Prof. John G. Fike
Humanity’s uniqueness is being used against us. We’re manipulated daily to believe and act in ways that can harm us.
As Judge Steven W. Rhodes of the U.S. Bankruptcy Court for the Eastern District of Michigan ponders how best to make Detroit’s debt manageable and restore urgently needed city services, it is appropriate to look ahead to see what the future might hold for the city and its people.
In my last column, I suggested that business enterprise is not a suitable partner for governmentagencies delivering public services. My argument was that Big Business is oriented toward money, shareholders, hierarchy and authority.
Why is it so difficult today to mobilize American citizens for political action? We face critical issues like education and health care, poverty and mass incarceration, the worsening economic divide and possible human extinction due to climate change. Why aren’t people scrambling to vote in every election, participating in demonstrations, telling our political representatives what we want done to make society better?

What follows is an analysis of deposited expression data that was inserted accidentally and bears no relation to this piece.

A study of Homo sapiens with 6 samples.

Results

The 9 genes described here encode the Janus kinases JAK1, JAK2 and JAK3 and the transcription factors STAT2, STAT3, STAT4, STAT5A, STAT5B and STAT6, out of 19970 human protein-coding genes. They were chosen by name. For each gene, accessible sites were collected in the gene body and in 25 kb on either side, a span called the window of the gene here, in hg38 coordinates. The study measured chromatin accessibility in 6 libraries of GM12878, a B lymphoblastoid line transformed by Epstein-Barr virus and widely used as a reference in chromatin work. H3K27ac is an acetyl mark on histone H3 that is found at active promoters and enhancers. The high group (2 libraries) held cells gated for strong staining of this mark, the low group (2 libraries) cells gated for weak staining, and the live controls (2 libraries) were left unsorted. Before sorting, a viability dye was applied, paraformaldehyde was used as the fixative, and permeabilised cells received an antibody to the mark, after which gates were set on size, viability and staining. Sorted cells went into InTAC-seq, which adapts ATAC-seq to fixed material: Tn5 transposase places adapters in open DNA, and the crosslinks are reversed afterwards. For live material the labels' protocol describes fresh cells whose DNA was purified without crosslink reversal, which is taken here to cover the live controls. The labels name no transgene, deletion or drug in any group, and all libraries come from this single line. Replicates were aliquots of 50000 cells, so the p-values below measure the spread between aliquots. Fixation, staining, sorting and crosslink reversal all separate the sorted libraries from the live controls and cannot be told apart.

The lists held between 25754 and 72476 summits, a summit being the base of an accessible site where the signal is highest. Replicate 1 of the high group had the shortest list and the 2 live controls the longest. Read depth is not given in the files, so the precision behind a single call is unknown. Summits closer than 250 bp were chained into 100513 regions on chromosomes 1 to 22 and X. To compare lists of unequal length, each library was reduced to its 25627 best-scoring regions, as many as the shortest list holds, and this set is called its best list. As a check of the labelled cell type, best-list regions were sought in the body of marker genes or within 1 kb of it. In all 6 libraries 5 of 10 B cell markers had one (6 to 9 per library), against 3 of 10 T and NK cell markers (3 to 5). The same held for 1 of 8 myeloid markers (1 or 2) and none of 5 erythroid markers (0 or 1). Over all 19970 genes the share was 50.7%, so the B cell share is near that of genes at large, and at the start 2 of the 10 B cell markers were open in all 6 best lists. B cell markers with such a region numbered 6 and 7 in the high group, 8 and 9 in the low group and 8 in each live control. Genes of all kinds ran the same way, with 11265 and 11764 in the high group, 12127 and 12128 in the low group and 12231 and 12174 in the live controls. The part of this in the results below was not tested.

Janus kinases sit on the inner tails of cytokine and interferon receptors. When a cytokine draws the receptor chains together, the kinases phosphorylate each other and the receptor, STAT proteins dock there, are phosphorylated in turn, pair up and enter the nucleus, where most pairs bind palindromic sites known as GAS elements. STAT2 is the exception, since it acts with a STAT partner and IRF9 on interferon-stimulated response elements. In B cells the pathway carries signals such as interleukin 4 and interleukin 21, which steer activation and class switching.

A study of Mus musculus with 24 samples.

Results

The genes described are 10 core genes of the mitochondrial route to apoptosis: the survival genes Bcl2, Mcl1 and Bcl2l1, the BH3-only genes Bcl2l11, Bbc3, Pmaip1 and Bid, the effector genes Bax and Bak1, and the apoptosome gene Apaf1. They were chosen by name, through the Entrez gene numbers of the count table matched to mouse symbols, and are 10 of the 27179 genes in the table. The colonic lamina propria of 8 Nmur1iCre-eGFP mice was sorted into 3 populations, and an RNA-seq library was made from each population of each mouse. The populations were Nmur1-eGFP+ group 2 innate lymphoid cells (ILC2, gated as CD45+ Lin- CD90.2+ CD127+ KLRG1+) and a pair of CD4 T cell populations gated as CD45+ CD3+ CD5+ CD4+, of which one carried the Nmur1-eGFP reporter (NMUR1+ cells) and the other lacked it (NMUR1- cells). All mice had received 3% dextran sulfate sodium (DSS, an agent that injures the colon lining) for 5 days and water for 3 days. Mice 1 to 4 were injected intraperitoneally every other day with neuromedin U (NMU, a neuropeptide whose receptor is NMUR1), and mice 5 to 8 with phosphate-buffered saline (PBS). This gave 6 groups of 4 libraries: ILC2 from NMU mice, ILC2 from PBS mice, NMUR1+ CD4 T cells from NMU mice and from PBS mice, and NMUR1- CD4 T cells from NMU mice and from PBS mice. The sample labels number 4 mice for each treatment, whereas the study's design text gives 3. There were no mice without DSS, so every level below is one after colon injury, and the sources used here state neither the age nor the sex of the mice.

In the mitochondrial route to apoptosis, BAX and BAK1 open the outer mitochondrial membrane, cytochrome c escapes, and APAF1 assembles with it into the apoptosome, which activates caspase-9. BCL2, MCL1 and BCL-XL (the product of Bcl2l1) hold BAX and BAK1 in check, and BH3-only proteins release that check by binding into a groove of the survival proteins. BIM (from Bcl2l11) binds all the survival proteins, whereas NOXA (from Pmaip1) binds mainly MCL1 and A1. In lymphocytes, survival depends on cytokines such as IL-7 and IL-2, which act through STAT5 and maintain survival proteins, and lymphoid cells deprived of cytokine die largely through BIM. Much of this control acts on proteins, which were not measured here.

We humans are great toolmakers. We’ve got fire, wheels and pyramids; guns, germs and steel.We’ve built railroads, airlines and instant communication, chemical warfare and atomic bombs. We can make artificial hearts, lungs and limbs; we have harnessed the elements of air, water, coal and oil to make electricity to power looms and assembly lines. We’ve even put humans on the moon.
Other countries care about their societies and their unique culture, but we in the US don’t seem to care about ours. Why not?
Should the United States rule the world through economic and military might? Or should we lead by creating a new economic and social model where true equality and democracy exist alongside justice and environmental stability?